Value engineering, Cladding 18m rule, Bionic vests: Readers’ comments
Firefighters have called for the government’s ban on combustible cladding to apply to all buildings
If there is a problem with value engineering, it is that it gets decided between project managers (who more often than not have no design background), quantity surveyors (who only know about money), and clients who know little other than what their PM and QS tell them.
It’s interesting that Ms Hackitt is using the term incorrectly just as the industry does! What she wants to drive out is “cost thuggery” which isn’t in the subject of value management.
Ms Hackitt is using our terminology so we won’t be confused. We call cost cutting “value engineering” – a posh phrase that makes us sound more intelligent. Sadly we are not – the process is, more often than not, cost cutting of the crudest form.
The reality is that the industry is setting client expectations and ignoring the sustainability of the finished building. Perhaps if we exchanged “value engineering” for “sustainable performance engineering”, we might change both industry practice and client expectations.
It is a shame that such a high-profile person is allowed to use this term. It is apparent that she does not understand the term correctly. I come across this frequently. Value engineering is not cost cutting.
The problem in the public sector is an inability to define value. Anybody can define cash or cost, but a true definition of value requires far wider consideration. Value engineering should not be written off; instead it should be included as part of our professional training.
Michael Ian Watts
An 18m-tall building, residential or commercial, is between five to seven storeys. The risk of fire due to combustible cladding materials appears to me to be just as dangerous at 18m as a high-rise building.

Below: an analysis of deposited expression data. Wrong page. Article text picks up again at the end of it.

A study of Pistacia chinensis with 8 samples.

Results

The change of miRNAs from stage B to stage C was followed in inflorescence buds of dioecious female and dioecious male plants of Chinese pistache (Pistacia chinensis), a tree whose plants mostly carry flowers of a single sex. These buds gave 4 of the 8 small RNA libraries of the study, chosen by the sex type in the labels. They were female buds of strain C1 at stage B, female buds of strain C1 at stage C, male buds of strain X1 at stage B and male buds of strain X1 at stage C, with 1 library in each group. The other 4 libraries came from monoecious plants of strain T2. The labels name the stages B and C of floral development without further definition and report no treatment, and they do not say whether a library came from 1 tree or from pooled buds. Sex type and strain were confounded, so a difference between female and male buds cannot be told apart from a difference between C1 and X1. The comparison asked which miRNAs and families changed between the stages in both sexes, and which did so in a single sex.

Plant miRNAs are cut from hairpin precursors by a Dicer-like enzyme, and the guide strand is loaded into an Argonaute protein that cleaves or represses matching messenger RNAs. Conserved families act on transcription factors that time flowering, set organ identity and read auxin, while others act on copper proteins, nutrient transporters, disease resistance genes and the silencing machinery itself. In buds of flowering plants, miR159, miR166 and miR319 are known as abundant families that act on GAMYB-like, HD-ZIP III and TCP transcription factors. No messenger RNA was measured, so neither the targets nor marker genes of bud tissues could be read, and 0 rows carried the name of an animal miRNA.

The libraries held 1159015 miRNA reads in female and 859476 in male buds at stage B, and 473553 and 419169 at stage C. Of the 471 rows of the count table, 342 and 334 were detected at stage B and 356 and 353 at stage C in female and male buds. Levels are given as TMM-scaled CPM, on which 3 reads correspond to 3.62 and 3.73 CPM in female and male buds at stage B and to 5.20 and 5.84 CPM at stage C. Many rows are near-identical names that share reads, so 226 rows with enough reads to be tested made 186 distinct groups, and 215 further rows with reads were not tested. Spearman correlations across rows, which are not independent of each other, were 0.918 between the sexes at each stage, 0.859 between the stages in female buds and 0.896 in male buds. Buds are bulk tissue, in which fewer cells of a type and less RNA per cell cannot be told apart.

A multi-storey aged persons home, hospital or similar building cannot be evacuated quickly. If the insurance companies refuse as a group to insure buildings with combustible cladding, the 18m height becomes irrelevant irrespective of what the regulations state.
Ill-informed decisions are always dangerous. Before instant fixes are introduced can anyone confirm that the specification met the existing requirements of the Building Regulation/Approved Documents, that construction was in accord with both regulations and the specification, and was certified as such on completion?
I recall these type of vests being presented at the Vinci Innovation Awards in Paris in 2015.
They are not just for lifting heavy loads. Vinci Construction in France used the vests for tasks where the operative had to sustain long periods of operating tools above one’s head, such as sanding a ceiling when undertaking renovation works.
They received excellent feedback from the users regarding reduction of musculoskeletal issues and general fatigue. Further research and development of these vests is to be commended.
Certainly beats people having to give their jobs to robots.
Sir Maurice Laing [former John Laing director] once said: “I know we are one of the largest construction companies in the UK, but understand this, we need the subcontractors more than they need us. Might, in this case, is not right and does not have the upper hand.”
I am sorry but having endured both sides of this situation, I can say that only prompt payments indicate a solvent employer. One miss, well ok, two misses, extreme caution, three misses, off down the road, get out while you can and stay in front.
When will they stop claiming that contractors can get paid early via payment schemes. These are just an arrangement between the bank and the big boys and allow them to take a cut of the value from the SME when all they want is their invoice paid.